There's a divinity that shapes out ends. Consider the case of Henry Pifield Rice, detective.
I must explain Henry early, to avoid disappointment. If I simply said he was a detective, and let it go at that, I should be obtaining the reader's interest under false pretences. He was really only a sort of detective, a species of sleuth. At Stafford's International Investigation Bureau, in the Strand, where he was employed, they did not require him to solve mysteries which had baffled the police. He had never measured a footprint in his life, and what he did not know about bloodstains would have filled a library. The sort of job they gave Henry was to stand outside a restaurant in the rain, and note what time someone inside left it. In short, it is not 'Pifield Rice, Investigator. No. 1.--The Adventure of the Maharajah's Ruby' that I submit to your notice, but the unsensational doings of a quite commonplace young man, variously known to his comrades at the Bureau as 'Fathead', 'That blighter what's-his-name', and 'Here, you!'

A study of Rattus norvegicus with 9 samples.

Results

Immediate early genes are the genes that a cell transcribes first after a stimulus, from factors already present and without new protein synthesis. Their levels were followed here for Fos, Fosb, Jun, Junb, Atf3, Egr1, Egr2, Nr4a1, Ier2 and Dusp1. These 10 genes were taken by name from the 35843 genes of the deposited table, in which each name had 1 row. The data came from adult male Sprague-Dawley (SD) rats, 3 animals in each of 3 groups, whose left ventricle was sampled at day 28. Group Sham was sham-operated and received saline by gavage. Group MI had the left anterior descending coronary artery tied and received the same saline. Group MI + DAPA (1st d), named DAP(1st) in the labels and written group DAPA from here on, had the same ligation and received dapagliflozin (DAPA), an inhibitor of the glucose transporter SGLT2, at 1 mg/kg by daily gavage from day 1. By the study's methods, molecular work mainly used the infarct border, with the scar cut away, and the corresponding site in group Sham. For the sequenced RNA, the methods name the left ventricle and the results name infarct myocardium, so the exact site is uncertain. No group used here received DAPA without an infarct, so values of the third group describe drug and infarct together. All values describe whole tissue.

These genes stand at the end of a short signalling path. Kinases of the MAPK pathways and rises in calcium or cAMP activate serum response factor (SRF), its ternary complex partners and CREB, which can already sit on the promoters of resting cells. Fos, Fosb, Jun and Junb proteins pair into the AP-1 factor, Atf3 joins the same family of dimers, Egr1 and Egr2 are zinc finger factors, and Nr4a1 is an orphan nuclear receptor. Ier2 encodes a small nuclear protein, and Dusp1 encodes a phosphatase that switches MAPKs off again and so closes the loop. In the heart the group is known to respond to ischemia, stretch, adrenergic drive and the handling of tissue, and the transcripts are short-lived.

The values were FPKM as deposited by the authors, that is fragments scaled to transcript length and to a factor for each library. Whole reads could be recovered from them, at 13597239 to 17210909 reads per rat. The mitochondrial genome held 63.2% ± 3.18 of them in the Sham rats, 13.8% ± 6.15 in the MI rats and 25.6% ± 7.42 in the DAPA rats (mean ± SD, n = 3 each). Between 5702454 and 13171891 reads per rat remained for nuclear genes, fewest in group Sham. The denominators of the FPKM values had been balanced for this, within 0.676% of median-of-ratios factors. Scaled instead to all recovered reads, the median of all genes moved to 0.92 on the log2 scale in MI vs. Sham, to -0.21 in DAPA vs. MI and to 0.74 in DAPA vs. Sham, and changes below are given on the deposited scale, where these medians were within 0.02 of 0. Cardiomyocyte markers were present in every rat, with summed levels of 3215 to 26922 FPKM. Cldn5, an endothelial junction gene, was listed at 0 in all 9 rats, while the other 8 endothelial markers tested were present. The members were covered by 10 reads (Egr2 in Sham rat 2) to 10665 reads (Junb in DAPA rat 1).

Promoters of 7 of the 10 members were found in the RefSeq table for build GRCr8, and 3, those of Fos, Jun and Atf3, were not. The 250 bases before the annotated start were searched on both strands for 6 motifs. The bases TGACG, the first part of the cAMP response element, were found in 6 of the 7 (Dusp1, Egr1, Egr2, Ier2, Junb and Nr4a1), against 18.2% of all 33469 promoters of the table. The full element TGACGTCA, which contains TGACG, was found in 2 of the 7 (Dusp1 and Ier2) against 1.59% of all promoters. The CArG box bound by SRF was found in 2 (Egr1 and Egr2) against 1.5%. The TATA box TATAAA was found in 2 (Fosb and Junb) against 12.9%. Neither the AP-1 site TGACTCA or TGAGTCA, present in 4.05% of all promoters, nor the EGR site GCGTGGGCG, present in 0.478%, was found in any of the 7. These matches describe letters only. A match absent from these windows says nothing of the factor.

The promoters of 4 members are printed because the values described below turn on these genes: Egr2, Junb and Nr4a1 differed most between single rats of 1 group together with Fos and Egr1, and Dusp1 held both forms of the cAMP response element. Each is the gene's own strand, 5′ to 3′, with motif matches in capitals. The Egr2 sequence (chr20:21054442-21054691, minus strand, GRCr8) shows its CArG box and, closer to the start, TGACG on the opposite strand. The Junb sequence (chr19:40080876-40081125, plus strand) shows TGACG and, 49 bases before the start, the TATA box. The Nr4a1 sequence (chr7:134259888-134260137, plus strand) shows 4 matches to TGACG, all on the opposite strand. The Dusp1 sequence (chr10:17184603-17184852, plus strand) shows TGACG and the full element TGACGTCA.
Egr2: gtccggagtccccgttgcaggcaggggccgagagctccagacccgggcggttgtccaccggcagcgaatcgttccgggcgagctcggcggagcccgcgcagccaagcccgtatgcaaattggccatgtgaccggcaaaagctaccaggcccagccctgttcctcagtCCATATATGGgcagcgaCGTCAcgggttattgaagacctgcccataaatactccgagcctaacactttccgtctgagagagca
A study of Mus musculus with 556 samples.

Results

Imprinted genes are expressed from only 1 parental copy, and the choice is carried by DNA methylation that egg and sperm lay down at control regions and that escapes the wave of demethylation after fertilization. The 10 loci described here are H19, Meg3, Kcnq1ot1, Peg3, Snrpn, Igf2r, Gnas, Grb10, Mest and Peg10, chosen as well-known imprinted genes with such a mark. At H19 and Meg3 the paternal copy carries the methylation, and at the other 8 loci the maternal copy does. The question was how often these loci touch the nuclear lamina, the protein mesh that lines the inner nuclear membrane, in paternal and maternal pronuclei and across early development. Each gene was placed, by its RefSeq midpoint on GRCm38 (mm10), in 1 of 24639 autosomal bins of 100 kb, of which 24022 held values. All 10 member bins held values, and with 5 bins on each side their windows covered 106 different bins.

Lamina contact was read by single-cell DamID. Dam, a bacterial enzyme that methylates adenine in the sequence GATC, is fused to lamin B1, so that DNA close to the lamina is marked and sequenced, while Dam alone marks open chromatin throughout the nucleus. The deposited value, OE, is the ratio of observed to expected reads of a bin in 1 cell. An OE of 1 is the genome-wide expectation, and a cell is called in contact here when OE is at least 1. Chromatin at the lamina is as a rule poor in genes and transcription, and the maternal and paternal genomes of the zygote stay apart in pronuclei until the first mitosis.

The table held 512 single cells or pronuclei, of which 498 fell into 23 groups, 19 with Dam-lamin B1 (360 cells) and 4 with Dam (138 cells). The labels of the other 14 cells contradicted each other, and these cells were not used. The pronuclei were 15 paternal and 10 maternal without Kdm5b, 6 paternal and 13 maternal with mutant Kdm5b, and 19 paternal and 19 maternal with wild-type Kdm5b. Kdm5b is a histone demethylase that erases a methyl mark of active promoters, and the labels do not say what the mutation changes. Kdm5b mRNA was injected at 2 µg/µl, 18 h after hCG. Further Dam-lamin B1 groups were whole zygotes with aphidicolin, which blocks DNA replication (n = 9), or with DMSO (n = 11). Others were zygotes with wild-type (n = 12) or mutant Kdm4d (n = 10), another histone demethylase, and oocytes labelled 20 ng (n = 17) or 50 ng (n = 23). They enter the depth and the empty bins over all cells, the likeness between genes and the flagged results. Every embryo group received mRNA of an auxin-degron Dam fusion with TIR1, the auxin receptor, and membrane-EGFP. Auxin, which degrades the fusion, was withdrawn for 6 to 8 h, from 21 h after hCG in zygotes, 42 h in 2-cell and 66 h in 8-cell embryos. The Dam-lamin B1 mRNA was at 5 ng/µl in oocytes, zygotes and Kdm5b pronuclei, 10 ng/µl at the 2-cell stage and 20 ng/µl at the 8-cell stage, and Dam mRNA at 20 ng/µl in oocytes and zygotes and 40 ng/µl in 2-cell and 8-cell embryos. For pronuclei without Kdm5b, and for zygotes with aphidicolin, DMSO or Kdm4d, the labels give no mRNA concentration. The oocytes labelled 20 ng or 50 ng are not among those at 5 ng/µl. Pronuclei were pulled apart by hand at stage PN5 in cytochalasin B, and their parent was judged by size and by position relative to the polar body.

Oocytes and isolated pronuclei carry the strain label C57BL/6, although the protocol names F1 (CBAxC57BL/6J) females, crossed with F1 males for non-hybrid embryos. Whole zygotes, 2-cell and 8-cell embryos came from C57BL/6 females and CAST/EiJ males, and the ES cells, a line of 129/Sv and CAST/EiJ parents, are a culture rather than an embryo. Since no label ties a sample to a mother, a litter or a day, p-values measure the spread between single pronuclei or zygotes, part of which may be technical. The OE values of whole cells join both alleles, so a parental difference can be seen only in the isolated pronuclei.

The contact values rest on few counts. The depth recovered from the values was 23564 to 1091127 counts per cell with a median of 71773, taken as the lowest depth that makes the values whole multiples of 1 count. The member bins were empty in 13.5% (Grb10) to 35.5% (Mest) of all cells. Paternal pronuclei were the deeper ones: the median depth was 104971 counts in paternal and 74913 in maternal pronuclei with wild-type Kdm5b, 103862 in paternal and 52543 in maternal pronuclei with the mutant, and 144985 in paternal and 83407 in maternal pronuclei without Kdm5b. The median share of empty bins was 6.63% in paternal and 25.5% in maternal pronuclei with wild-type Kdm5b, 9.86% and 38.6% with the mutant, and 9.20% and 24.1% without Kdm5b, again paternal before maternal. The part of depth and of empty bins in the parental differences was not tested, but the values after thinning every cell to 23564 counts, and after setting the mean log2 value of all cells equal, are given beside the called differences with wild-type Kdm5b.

Henry lived in a boarding-house in Guildford Street. One day a new girl came to the boarding-house, and sat next to Henry at meals. Her name was Alice Weston. She was small and quiet, and rather pretty. They got on splendidly. Their conversation, at first confined to the weather and the moving-pictures, rapidly became more intimate. Henry was surprised to find that she was on the stage, in the chorus. Previous chorus-girls at the boarding-house had been of a more pronounced type--good girls, but noisy, and apt to wear beauty-spots. Alice Weston was different.
'I'm rehearsing at present,' she said. 'I'm going out on tour next month in "The Girl From Brighton". What do you do, Mr Rice?'
Henry paused for a moment before replying. He knew how sensational he was going to be.
'I'm a detective.'
Usually, when he told girls his profession, squeaks of amazed admiration greeted him. Now he was chagrined to perceive in the brown eyes that met his distinct disapproval.